By RICK HAYES firstname.lastname@example.org
---- — MT. VERNON — A financial rating service has affirmed Jefferson County’s A-plus rating for this year, and the rating is expected to be reaffirmed for at least the next two years due to the county’s management of its budget.
“Our capacity to borrow is based on our financial stability,” said County Chairman Robert White. “These rating houses analyze everything about you and render an opinion. For us to remain an A-plus is a big deal, especially this year based on the events that took place.”
In the report, Standard & Poor’s Rating Service specifically noted the county board took the necessary measures during the current budget year after the loss of ICE related income to maintain a balanced budget. Further, the county has shown strong budgetary flexibility and have kept available reserves above 15 percent.
“This took a lot of hard work from a lot of people,” White said. “It wasn’t just myself and the County Board, but administrative assistant Suzy Tate, officeholders and even employees. A lot of people contributed to our ability to maintain this A-plus rating. It took the effort of everyone involved.”
The report does not contemplate the county’s recently balanced budget passed by the Fiscal Committee that will be submitted for board approval during a special meeting scheduled at 7:30 p.m. Thursday. The special meeting is to conform to the 30-day public inspection requirement to allow for passage at the board’s regular meeting in November. The county’s fiscal year begins on Dec. 1.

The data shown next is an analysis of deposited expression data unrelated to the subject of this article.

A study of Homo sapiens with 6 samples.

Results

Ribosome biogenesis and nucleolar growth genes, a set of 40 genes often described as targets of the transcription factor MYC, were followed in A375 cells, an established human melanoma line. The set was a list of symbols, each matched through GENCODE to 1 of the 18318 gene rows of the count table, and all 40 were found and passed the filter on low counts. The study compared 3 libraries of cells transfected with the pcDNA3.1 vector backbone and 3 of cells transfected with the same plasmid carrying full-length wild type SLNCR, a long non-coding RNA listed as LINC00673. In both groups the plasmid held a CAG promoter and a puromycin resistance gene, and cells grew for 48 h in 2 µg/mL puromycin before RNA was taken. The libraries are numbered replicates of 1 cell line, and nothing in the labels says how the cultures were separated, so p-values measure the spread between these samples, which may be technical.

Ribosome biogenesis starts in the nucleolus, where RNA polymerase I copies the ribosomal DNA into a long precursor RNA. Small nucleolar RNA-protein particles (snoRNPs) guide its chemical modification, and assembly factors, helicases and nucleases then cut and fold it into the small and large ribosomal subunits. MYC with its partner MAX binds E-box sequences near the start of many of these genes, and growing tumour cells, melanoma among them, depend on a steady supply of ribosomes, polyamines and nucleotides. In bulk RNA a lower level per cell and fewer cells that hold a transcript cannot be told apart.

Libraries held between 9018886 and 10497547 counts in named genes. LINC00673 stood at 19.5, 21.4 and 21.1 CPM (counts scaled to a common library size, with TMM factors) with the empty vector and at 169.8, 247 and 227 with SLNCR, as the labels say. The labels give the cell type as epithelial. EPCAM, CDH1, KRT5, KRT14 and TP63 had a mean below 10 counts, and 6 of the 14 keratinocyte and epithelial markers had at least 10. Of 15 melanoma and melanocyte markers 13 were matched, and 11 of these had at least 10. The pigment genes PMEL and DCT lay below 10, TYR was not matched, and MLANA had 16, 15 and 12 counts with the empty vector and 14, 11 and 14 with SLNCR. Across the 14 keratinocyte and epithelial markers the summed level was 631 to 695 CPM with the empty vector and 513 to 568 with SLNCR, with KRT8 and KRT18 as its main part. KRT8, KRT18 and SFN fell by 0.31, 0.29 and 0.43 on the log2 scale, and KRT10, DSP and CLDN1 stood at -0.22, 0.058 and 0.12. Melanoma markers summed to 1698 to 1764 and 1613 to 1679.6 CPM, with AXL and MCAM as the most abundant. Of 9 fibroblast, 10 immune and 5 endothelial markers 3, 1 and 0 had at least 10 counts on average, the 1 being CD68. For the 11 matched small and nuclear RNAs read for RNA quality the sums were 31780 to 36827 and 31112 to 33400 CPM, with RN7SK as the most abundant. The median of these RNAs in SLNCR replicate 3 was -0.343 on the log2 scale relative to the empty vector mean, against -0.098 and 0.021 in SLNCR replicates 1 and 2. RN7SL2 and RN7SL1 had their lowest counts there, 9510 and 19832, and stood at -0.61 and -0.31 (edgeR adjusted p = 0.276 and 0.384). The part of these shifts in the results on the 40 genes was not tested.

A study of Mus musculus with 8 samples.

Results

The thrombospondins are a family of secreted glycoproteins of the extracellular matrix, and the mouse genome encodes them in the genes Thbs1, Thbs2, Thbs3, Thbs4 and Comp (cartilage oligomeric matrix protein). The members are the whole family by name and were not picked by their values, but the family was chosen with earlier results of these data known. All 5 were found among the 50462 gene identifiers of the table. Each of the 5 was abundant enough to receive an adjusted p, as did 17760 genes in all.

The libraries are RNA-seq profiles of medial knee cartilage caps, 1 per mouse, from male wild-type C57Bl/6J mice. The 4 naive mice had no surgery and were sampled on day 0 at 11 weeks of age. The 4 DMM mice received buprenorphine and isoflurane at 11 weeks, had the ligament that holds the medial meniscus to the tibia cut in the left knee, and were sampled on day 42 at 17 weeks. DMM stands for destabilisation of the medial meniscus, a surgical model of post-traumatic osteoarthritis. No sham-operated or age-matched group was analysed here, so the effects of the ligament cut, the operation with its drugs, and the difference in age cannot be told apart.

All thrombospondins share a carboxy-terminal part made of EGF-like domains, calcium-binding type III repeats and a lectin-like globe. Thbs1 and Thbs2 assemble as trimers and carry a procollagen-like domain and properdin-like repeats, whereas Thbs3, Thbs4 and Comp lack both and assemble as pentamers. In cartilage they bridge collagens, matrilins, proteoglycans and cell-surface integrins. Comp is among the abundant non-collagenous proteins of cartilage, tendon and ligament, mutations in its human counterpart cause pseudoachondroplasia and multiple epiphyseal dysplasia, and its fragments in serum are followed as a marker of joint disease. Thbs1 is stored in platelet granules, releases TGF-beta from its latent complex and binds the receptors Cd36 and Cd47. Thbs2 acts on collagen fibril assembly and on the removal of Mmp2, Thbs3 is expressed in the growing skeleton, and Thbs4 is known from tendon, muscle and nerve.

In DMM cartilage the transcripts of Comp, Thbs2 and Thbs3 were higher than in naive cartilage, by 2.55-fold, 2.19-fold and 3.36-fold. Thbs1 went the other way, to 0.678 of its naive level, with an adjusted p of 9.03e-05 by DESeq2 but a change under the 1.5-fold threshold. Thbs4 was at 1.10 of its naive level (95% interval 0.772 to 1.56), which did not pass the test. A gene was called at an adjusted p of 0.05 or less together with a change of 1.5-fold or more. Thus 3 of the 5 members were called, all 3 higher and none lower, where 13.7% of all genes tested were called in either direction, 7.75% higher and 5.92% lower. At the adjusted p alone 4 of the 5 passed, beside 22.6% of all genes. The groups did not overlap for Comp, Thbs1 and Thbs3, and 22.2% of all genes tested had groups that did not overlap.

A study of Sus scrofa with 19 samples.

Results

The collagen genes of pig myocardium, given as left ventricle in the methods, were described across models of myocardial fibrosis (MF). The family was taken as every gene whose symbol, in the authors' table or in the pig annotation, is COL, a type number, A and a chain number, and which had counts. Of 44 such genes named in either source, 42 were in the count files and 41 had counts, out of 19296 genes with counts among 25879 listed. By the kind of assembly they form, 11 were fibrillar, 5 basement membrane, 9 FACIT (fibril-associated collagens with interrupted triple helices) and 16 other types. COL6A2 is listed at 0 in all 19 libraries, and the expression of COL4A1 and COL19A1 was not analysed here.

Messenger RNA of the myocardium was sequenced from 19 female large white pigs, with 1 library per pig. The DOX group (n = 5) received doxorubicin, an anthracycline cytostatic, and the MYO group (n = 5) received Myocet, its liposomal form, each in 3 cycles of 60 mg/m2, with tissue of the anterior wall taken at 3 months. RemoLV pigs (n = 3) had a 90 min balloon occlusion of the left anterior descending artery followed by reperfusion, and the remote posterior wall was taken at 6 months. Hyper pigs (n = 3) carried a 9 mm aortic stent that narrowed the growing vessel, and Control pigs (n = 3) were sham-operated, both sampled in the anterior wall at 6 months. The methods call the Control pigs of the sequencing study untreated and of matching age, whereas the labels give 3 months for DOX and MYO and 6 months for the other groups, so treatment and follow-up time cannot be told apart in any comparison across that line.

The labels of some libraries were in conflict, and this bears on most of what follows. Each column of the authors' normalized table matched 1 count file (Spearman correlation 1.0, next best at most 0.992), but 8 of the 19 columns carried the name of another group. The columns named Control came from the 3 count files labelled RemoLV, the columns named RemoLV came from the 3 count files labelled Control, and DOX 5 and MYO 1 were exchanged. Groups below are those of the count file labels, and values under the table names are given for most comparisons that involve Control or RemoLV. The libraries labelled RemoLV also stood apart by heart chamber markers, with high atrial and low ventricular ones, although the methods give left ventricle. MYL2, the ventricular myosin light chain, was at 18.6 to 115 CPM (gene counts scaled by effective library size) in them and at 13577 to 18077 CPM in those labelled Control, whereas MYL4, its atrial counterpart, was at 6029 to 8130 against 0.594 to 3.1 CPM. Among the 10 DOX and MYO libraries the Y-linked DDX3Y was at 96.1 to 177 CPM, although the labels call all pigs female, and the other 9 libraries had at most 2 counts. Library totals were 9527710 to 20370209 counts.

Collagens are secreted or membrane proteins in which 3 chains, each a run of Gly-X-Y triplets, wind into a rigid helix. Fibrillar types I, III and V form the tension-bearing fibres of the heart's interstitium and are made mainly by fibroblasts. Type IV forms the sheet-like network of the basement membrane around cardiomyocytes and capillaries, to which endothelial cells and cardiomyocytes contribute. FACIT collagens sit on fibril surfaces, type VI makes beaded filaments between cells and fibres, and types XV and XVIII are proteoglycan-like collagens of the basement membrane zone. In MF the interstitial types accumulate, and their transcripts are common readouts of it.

“The goal all along was to maintain a balanced budget,” White said. “To be recognized for the efforts made is a pleasant surprise.”
According S&P, the overall budgetary performance is “strong due to decision making at the time of lost ICE related revenue. While the board made tough decisions when cutting the budget, their goal to be financially solvent is recognized in this report.”
Due to drastic budget cuts made in December 2012 after the loss of ICE prisoners, several employees lost their employment in Jefferson County. Eighteen positions were either cut or reduced in hours, unrelated to the ICE operations. With the proposed 2013-2014 budget, the board seeks to restore eight positions to full time status and one to part time. Of the 18 non-ICE related positions, three continue to be filled due to subsidizing of automation funds available to officeholders.
“This is very positive news,” White concluded. “It’s important the people of Jefferson County know that despite all the financial troubles we hear about in state and federal government, the people are aware their county government is committed to living within our means.”